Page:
Sneaky Birds, Fires, Radishes, and Inmate Ecologists

New Nooze for a Monday morning! First, we bring you two stories from Michelle Nijhuis, writing for Smithsonian.com and Nature, covering a sneaky little bird, and the long-term effects of wildfires:

What is North America's Most Mysterious Bird?

On a hot, dry July evening, a dentist named Mike Hurtado leads two biologists into a narrow, windy stretch of the St. Charles River canyon in southern Colorado. Hurtado grew up hiking around here, and he and his family still refer to this part of the canyon reverentially as “The Place.” Its high granite walls usually echo with the sound of falling water, but the river is at the lowest point Hurtado can remember, and its waterfalls have turned to mere trickles. He and the biologists hope to catch a black swift, and the conditions don’t look promising... Read more.

 

Forest Fires: Burn Out

A little after noon on Sunday 26 June 2011, strong winds toppled an aspen tree onto a power line in the Jemez Mountains of northern New Mexico. The year had been extraordinarily dry, and the temperatures that week had soared well above normal. When a spark from the power line ignited a fire, wind gusts spread the flames into nearby dense stands of fir and pine.

Within an hour, ecologist Craig Allen, 55 kilometres away at his home in Santa Fe, learned about the fire in an e-mail from a US Forest Service fire manager. “I hope you guys catch this,” Allen wrote back. “We don't need another big fire in the Jemez.”... Read more.

 


Radishes could protect the Great Lakes from harmful algal blooms

I’ve learned an awful lot about efforts to control Great Lakes algae during my many years of environmental coverage, most of which come back to keeping phosphorus and other algae-growing nutrients out of the ditches, streams, and rivers that flow into the lakes.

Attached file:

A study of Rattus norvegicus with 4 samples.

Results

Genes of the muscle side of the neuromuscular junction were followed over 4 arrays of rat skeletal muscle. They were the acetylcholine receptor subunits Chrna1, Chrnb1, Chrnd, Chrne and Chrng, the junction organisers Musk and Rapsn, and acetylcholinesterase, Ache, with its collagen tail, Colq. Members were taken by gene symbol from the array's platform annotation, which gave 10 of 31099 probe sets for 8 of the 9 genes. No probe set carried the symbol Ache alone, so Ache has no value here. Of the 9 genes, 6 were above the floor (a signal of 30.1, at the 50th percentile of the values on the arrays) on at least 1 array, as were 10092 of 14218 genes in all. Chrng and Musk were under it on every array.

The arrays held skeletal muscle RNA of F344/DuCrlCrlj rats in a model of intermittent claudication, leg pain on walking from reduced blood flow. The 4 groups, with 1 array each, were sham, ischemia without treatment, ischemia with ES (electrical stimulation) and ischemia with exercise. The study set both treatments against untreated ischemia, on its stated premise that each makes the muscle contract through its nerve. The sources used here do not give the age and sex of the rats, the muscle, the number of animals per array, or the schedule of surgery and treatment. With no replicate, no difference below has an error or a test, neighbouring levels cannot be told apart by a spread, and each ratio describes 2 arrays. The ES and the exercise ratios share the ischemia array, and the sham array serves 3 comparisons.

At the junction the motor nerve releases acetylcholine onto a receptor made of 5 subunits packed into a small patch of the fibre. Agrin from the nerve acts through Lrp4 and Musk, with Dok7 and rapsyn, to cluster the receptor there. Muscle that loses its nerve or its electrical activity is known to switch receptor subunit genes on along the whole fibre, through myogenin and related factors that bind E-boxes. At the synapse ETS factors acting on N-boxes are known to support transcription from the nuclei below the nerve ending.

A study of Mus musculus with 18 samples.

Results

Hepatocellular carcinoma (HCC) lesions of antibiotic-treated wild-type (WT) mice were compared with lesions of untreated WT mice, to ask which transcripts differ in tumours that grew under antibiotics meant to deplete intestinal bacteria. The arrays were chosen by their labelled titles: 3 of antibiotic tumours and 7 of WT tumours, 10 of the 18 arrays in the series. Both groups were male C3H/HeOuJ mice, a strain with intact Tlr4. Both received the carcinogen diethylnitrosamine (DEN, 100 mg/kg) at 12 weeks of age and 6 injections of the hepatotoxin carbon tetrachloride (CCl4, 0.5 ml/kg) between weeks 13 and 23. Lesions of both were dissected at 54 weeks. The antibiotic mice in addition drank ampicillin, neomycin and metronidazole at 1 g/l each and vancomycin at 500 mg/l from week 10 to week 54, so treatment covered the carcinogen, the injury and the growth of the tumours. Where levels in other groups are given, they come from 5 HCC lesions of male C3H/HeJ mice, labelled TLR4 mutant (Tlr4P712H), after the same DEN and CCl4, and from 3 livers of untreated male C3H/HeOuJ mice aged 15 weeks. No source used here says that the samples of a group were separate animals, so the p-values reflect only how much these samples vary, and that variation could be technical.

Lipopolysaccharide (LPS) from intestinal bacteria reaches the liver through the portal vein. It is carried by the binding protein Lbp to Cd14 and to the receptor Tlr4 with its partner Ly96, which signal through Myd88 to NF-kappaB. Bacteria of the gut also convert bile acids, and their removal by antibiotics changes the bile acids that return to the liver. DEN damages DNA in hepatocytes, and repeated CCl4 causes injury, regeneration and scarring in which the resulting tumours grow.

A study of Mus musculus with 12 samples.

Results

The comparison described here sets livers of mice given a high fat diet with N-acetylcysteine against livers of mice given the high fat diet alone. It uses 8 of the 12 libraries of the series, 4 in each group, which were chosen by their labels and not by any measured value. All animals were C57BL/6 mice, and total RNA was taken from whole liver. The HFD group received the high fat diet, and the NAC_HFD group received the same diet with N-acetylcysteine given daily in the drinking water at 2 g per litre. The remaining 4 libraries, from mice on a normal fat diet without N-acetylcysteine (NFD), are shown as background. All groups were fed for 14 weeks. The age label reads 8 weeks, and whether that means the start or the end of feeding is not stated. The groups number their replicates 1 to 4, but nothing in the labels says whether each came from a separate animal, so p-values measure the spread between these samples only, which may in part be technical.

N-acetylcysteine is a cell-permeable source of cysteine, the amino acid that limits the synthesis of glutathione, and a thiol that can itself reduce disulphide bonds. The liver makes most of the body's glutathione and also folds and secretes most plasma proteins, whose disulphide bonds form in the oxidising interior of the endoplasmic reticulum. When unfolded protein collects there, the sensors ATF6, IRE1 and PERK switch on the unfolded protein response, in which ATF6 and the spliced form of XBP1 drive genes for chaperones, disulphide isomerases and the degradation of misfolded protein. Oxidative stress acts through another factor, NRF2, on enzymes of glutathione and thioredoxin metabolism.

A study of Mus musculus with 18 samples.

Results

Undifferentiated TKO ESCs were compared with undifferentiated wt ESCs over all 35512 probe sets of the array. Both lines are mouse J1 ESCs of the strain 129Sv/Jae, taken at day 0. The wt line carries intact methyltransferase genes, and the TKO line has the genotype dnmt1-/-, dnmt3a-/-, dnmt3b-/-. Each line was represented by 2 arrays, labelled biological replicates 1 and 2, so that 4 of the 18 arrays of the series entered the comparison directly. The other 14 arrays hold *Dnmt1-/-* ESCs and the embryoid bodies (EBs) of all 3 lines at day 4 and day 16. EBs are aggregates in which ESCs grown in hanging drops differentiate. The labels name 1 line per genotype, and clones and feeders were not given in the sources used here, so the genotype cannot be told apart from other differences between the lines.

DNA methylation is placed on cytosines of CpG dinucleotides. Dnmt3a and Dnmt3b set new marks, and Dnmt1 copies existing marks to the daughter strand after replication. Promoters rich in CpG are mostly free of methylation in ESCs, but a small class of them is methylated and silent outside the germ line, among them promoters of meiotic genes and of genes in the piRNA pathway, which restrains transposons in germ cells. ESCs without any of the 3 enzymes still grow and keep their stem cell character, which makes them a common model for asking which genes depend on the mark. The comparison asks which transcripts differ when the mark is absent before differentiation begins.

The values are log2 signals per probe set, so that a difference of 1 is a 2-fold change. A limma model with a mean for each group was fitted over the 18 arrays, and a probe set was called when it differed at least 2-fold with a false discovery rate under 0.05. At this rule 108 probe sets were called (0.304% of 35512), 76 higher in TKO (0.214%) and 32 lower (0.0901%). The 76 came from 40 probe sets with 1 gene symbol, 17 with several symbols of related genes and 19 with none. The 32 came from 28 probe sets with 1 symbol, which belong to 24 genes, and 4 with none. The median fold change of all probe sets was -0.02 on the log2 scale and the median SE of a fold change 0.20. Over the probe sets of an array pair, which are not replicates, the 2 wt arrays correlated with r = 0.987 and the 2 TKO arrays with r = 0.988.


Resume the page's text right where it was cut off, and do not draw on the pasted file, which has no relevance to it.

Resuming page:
But I have to admit I’d never given much thought to radishes until this past summer while on a Maumee River watershed expedition with the Montana-based Institutes for Journalism & Natural Resources.

That’s right. Radishes... Read more.


Prison Inmates Save Endangered Species at Cedar Creek Corrections Center

LITTLEROCK, Wash. (AP) — Taylor Davis has dedicated himself to saving endangered Oregon spotted frogs. He spends hours each day tending to eggs or doting on tadpoles, feeding, nurturing and meticulously recording their development.

He's in no hurry.

"We have nothing but time here," said the 28-year-old Davis.

He added, "It's perfect for a prison setting."

Washington state inmates such as Davis have been working as ecological research assistants, partnered in recent years with scientists doing conservation projects. Their efforts include breeding threatened butterflies and growing native flowers and prairie grasses... Read more.